The intensified localization efforts in Japan are setting the country up for the possibility of a much needed economic boost and paving the way for potential growth as businesses look to enter the market. Japan is preparing by investing in a variety of language service options that will help tourists communicate during their stay. Some of these include language service apps, revised signage and marketing collateral for local businesses as well as preparing interpreters to work the ten-day event.
The Internal Affairs ministry announced their desire to provide real-time machine translation services. The Japanese government has invested 1.38 billion yen ($11 million USD) in real-time speech translation. Real-time translation systems include applications that can be installed on smartphones, computers or other gadgets linked to the Internet. One merely selects the targeted language, speaks into the device and waits for it to translate the words in audio or visual form. The words of the speaker are sent by the app to a computer server, which analyzes the voice and selects the closest translation from a vast collection of phrase pairs in its database.
A translation app called VoiceTra4U can instantly translate 27 different languages (30 languages including dialects) in text mode and has 17 languages for speech mode, including English, German, French, Korean and Japanese.
There is also an app Jspeak that translates spoken Japanese into English and vice-versa and can also interpret other languages such as Chinese, French, German and Thai.
While real-time machine translation may not always be grammatically perfect, Japan is sacrificing its known reputation for quality in order to provide attainable support for an enjoyable travel experience.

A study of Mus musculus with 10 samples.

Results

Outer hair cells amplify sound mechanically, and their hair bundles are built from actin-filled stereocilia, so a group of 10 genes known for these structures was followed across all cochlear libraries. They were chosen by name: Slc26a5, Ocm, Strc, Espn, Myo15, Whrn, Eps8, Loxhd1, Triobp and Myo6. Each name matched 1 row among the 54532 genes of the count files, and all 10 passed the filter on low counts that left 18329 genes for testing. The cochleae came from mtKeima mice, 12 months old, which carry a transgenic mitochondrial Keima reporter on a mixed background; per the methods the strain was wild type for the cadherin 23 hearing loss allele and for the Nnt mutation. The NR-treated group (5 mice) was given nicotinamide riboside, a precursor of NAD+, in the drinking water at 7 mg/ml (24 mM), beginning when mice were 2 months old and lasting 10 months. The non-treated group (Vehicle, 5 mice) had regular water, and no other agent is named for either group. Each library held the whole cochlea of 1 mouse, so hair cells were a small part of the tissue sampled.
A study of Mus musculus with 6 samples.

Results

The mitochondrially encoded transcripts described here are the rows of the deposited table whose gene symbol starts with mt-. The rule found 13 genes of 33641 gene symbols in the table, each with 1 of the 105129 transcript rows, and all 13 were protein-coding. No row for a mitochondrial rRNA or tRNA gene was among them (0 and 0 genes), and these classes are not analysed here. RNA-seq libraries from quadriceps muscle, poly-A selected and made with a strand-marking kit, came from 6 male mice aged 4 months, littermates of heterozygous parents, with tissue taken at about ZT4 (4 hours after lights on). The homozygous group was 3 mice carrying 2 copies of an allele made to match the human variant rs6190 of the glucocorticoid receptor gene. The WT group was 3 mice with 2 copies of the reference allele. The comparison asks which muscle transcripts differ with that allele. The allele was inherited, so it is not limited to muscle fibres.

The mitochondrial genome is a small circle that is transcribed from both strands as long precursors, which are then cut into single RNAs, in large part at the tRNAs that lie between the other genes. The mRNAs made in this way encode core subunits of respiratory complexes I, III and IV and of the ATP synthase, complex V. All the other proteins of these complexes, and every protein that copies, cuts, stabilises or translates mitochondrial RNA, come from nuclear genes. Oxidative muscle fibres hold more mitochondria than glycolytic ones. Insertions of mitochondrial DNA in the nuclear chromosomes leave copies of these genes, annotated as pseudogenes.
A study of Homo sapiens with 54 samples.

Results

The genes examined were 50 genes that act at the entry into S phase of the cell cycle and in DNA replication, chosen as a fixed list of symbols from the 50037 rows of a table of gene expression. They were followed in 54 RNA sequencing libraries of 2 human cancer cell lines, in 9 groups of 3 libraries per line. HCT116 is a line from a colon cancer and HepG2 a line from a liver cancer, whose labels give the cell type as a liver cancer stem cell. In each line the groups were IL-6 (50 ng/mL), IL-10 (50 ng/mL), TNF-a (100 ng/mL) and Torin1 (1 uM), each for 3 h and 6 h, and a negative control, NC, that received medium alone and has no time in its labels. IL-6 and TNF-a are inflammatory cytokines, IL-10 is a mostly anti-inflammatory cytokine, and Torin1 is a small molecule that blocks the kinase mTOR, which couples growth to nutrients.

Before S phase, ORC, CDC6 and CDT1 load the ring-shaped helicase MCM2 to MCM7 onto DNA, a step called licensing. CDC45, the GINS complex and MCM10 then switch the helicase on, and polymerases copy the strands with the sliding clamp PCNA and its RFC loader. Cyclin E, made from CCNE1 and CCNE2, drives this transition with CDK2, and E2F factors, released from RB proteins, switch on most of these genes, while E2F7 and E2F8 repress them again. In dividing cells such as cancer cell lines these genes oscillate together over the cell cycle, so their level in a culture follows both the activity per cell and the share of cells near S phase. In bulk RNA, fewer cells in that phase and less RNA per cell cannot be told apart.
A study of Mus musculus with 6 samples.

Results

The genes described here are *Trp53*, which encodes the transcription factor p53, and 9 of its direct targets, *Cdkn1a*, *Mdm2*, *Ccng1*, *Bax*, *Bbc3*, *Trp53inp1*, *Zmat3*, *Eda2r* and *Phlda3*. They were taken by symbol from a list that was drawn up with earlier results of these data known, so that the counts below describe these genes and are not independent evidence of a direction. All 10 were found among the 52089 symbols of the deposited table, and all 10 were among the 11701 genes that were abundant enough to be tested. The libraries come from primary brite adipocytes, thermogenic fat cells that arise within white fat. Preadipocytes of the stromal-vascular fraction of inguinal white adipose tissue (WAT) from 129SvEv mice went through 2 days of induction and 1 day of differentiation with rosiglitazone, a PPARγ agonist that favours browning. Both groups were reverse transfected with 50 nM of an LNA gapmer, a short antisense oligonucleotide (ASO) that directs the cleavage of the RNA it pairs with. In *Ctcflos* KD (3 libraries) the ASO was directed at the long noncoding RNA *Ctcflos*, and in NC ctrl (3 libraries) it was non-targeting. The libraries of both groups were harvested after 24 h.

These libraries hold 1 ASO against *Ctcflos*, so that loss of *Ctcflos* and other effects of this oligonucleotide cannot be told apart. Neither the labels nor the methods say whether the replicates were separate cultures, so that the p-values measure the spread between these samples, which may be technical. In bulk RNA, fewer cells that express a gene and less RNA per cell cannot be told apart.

Other translation and localization efforts in Japan aim to help prepare businesses for foreigners. The Japan Tourism Agency has provided examples of signs for public facilities. Also, retail outlets are making a move to increase the number of tourists they can accommodate. The Japanese government released examples of signs for these businesses to use. The signs cover product information, payment processes, emergency evacuation procedures and other instructions written in English. Other notices such as those banning eating, drinking or speaking inside premises utilize pictograms. The government also plans to equip public buses with multilingual information displays by the end of fiscal 2016 and add English equivalents to all street signs by 2020.
In September 2016, seven universities specializing in foreign languages — including Tokyo University of Foreign Studies, Kobe City University of Foreign Studies and Kansai Gaidai University — will jointly hold a four-day intensive seminar in Chiba Prefecture so students can brush up on their translation skills. With their sights set on the Tokyo Olympics, the universities launched the program last year to allow students to deepen their knowledge about the Olympics, foreign culture and hospitality.
According to the Tokyo Olympics organizing committee, some 80,000 volunteers will be needed to run the event smoothly.